Possibly feeling that his company has been tarnished a little by the “streaming services underpay artists” mantra that is wheeled out every few weeks these days, the boss of US-based interactive radio service Pandora, Tim Westergren, has made some claims about how much certain artists are earning from their play on his service.
Says Westergren: “For over two thousand artists Pandora will pay over $10,000 dollars each over the next twelve months (including one of my favourites, the late jazz pianist Oscar Peterson), and for more than 800 we’ll pay over $50,000, more than the income of the average American household. For top earners like Coldplay, Adele, Wiz Khalifa, Jason Aldean and others Pandora is already paying over $1 million each. [And] Drake and Lil Wayne are fast approaching a $3 million annual rate each”.
That’s presumably what is being paid to each artists’ respective labels and publishers, and the acts themselves will likely be receiving quite a bit less, depending on their contracts and past earnings. But still, it’s further proof that the streaming sector is paying ever bigger sums of money into the music business, and Westergren seems keen to tell us all that his company in particular is very much pro-artist.
Of course it’s assumed bigger artists and rights owners are benefiting most from services like Spotify, because the major labels have almost certainly secured better deals than the little guys (which is why they never join in with the “streamers underpay” ranting), though as Pandora licences all of its rights via collective licensing organisations rather than labels and publishers direct, presumably the monies are distributed in a fairer fashion to those artists whose music is played. So, well done Tim.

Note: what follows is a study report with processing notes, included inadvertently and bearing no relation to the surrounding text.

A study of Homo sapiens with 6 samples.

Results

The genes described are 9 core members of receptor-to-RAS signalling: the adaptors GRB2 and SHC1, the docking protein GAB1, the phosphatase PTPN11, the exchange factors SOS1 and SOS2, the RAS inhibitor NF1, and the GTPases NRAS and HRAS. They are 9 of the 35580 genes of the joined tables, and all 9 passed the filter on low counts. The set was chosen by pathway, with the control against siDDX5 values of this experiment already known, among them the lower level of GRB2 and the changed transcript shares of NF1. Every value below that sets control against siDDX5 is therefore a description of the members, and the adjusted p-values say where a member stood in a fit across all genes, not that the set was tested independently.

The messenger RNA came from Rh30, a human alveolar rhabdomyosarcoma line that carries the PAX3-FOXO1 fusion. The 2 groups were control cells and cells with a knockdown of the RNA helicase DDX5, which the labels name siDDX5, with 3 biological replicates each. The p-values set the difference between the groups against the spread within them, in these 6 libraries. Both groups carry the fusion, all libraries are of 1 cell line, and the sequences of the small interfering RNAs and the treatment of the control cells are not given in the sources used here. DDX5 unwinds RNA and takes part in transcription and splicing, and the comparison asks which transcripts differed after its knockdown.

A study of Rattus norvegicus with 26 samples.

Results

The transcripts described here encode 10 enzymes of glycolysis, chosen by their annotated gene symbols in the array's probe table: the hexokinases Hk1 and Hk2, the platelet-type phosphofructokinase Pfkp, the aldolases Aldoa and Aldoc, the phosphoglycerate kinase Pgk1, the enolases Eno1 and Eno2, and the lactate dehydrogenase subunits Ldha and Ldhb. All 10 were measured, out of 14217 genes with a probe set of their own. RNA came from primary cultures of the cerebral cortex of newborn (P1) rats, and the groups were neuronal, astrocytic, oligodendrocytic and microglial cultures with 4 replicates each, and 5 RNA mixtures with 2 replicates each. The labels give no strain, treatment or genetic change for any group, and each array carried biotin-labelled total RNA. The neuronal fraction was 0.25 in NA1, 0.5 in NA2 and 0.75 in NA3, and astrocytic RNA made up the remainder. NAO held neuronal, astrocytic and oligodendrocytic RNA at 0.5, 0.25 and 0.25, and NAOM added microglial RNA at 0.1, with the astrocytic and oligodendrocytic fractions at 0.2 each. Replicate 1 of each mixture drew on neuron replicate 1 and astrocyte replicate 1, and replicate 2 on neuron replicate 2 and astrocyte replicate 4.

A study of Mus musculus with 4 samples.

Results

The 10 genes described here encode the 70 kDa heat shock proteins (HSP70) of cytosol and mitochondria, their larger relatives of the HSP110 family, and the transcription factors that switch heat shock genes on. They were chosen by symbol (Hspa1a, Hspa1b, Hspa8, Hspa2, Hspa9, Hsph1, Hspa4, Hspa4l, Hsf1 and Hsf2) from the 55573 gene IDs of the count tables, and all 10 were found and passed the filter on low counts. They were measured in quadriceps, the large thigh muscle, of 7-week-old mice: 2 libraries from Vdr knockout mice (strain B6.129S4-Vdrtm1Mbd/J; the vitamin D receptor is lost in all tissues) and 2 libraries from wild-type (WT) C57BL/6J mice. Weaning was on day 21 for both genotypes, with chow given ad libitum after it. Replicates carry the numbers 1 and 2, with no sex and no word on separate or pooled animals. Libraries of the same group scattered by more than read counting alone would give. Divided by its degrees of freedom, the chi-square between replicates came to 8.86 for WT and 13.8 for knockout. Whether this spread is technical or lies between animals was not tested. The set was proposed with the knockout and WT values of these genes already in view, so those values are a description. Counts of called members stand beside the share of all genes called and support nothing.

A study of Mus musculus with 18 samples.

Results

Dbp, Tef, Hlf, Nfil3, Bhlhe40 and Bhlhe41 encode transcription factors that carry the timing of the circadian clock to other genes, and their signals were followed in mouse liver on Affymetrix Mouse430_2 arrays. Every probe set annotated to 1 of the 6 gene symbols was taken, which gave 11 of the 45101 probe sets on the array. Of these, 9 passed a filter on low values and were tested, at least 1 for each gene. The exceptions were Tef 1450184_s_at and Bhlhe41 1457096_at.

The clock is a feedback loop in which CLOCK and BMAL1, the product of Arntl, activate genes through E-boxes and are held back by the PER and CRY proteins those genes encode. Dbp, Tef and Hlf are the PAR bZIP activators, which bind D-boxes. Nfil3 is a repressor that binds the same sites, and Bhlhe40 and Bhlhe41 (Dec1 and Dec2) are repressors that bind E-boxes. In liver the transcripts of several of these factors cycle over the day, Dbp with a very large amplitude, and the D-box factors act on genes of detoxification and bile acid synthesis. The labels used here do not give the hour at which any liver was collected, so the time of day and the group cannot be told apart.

Though, that said, while the Pandora chief was keen to be seen as an artist champion this week, he was also calling for his licensing costs to be lowered. As an online radio service Pandora has to pay royalties to both music publishers and record labels (the latter via SoundExchange), whereas FM radio services in the States only have to pay the former under the current copyright system.
Added Westergren: “It’s hard to look at these numbers and not see that internet radio presents an incredible opportunity to build a better future for artists. Not only is it bringing tens of millions of listeners back to music, across hundreds of genres, but it is also enabling musicians to earn a living. [But] since Pandora accounts for just 6.53% of all radio listening in the US, it seems fundamentally unfair that other forms of radio that represent much larger shares of US radio listening pay substantially less to artists”.